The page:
Lisa Guernsey has recently started a weblog about search engines. She writes in today’s Circuits section of the New York Times about the relative prominence of men in the blogosphere as compared with women.
Many have pointed out, however, that blogs are a fairly egalitarian format, with women, people of color, and other groups who have not always had access to the power of the press in on the game from the very beginning.
Guernsey has a few theories. One is the old saw about men and women and public and private spheres (“women write diaries, men pontificate about politics”):
And that is where things get touchy. People who track blogs hate to make generalizations, but many acknowledged that female bloggers often have more of an inward focus, keeping personal diaries about their daily lives.
If that is the case, the Venus-Mars divide has made its way into Blogville. Women want to talk about their personal lives. Men want to talk about anything but. So far the people who have received the most publicity (often courtesy of male journalists) appear to be the latter.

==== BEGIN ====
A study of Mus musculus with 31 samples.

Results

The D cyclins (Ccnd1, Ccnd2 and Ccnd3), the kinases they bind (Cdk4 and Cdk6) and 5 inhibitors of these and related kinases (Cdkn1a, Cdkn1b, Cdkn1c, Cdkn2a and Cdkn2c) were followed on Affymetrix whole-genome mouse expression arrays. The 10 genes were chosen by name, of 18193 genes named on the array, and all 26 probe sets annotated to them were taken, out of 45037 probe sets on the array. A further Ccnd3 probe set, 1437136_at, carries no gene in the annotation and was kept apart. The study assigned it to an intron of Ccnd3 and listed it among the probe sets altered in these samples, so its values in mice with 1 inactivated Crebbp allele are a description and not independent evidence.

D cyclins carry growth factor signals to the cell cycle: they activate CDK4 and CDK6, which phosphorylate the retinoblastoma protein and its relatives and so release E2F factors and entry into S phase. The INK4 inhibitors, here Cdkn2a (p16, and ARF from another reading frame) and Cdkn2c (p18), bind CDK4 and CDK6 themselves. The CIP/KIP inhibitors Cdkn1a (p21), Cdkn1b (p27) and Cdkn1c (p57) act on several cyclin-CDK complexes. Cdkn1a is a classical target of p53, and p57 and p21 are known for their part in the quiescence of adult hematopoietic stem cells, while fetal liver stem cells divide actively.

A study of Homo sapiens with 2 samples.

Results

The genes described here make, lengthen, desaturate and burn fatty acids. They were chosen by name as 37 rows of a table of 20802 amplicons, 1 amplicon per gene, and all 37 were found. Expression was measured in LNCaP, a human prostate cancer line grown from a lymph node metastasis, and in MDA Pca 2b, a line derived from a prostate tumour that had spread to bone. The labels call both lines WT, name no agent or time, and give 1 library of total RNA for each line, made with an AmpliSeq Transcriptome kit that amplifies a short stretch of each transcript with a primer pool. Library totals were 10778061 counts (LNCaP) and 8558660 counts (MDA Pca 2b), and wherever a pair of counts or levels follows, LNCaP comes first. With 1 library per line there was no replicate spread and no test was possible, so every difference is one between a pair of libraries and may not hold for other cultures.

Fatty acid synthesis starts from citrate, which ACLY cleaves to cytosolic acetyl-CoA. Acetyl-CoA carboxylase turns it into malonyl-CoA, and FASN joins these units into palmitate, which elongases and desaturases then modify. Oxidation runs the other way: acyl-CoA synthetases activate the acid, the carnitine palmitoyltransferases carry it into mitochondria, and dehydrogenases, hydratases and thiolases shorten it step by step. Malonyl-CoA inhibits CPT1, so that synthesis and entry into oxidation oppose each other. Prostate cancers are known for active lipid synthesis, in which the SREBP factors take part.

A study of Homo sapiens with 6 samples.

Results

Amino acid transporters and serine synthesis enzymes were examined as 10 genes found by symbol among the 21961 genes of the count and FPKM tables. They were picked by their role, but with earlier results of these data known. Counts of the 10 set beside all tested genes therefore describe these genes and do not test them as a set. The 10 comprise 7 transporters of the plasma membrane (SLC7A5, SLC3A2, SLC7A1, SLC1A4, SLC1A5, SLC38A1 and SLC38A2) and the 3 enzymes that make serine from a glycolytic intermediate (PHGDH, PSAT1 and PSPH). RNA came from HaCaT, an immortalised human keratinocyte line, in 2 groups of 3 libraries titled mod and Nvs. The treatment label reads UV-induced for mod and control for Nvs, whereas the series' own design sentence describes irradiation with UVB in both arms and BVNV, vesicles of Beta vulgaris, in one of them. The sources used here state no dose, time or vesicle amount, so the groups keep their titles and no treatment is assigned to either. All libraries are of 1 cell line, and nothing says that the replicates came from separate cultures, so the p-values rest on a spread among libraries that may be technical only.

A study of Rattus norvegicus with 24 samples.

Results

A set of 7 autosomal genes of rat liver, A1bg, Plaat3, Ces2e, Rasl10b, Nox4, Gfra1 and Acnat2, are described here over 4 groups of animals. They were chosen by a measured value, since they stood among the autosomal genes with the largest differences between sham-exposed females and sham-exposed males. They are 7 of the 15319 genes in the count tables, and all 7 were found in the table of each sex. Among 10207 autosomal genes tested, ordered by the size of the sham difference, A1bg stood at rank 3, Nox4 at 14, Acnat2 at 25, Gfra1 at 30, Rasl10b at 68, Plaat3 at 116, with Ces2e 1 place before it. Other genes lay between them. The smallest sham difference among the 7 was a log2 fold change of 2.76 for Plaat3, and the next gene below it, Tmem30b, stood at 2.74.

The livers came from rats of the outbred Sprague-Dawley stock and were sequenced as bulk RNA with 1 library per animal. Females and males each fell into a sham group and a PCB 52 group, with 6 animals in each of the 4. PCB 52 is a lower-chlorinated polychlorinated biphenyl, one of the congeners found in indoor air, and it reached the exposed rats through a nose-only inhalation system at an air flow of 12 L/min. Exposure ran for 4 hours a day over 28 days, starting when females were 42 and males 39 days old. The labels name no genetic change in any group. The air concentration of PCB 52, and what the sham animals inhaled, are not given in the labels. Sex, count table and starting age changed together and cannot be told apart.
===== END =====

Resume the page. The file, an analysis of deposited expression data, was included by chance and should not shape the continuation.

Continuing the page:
But I don’t buy this. I started an online “diary”-type journal years ago and I’ve kept it up on and off ever since. Some of the most popular blogs that happen to be by men are highly personal and even intimate.
The other theories, that men bring a dominance from old media and journalism and the technology business into the blogosphere, rings a little more true to me. There is a kind of momentum here. The sample also gets skewed when you look at pundit and journalist bloggers and the people they read and comment on. They get more press in the trad media and the stereotype gets reinforced.
(Guernsey points out, for example, that Instapundit’s blogroll is heavily tilted towards men, as is Scott Rosenberg’s. I haven’t done a gender analysis of my own blogroll. Maybe I should.)
Are men statistically more likely than women to promote their own ideas about public things and try to build a large audience of strangers? Are women more likely than men to write about the things in their personal lives, their hobbies, their obsessions? I wonder.
Nice plug for the Julie/Julia Project in the article. No mention of Salon Blogs’ superstar blogger who happens to be female.